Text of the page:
Following news that 32% of new claimants for Employment and Support Allowance (ESA) were deemed as fit for work between October 2008 and March 2013, high profile disability groups have renewed their criticism of the assessments. More than a million others withdrew their claims before a face-to-face assessment because they had either returned to work or claimed a benefit more appropriate to their situation.
Philip Connolly, the policy manager for Disability Rights UK, said: “They are finding people fit for work when they aren’t and they are not even giving them the support they need to get a job. It is a disgrace. Richard Hawkes, the chief executive of the disability charity Scope, called for a more holistic assessment to meet the challenges of disabled people getting into the workplace, stating that “The fit-for-work results are only half the story. We should be talking about getting a million more disabled people into work.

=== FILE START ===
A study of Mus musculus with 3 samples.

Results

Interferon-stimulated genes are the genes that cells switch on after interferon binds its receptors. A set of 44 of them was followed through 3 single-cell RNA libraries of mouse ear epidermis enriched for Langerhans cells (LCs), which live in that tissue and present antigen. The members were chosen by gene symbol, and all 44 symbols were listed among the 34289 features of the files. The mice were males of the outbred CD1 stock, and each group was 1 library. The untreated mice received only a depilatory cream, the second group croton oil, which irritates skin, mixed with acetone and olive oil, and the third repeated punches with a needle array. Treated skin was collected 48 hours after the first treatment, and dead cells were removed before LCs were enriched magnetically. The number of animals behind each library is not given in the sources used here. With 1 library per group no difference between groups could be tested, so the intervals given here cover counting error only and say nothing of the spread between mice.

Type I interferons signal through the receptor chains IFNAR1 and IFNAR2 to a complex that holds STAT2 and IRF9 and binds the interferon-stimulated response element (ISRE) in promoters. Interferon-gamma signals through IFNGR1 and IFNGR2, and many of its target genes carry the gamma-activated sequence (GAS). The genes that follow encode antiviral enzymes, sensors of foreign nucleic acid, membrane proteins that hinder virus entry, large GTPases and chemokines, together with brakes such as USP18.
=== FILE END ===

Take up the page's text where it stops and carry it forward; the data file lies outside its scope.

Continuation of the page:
Pete from PSI: The third sector has been a vocal critic of the WCA process, arguing that the ‘cold’ nature of such an arbitrary test does not take into account the full range of issues suffered by ESA claimant, and that therefore the WCA is not fit for purpose. The Government has committed itself to improving the outcomes to the WCA, and last year announced that it would bring in more suppliers to undertake the test, following an internal audit of Atos’ assessment process which found that the company had not been meeting the expected performance standards associated with its contract with the DWP.
Whilst condemned by the Government for criticising a test which it introduced in the first place, the Labour Party is committed to a complete overhaul of the WCA, including replacing the assessment with a more holistic approach and bringing the test back in house.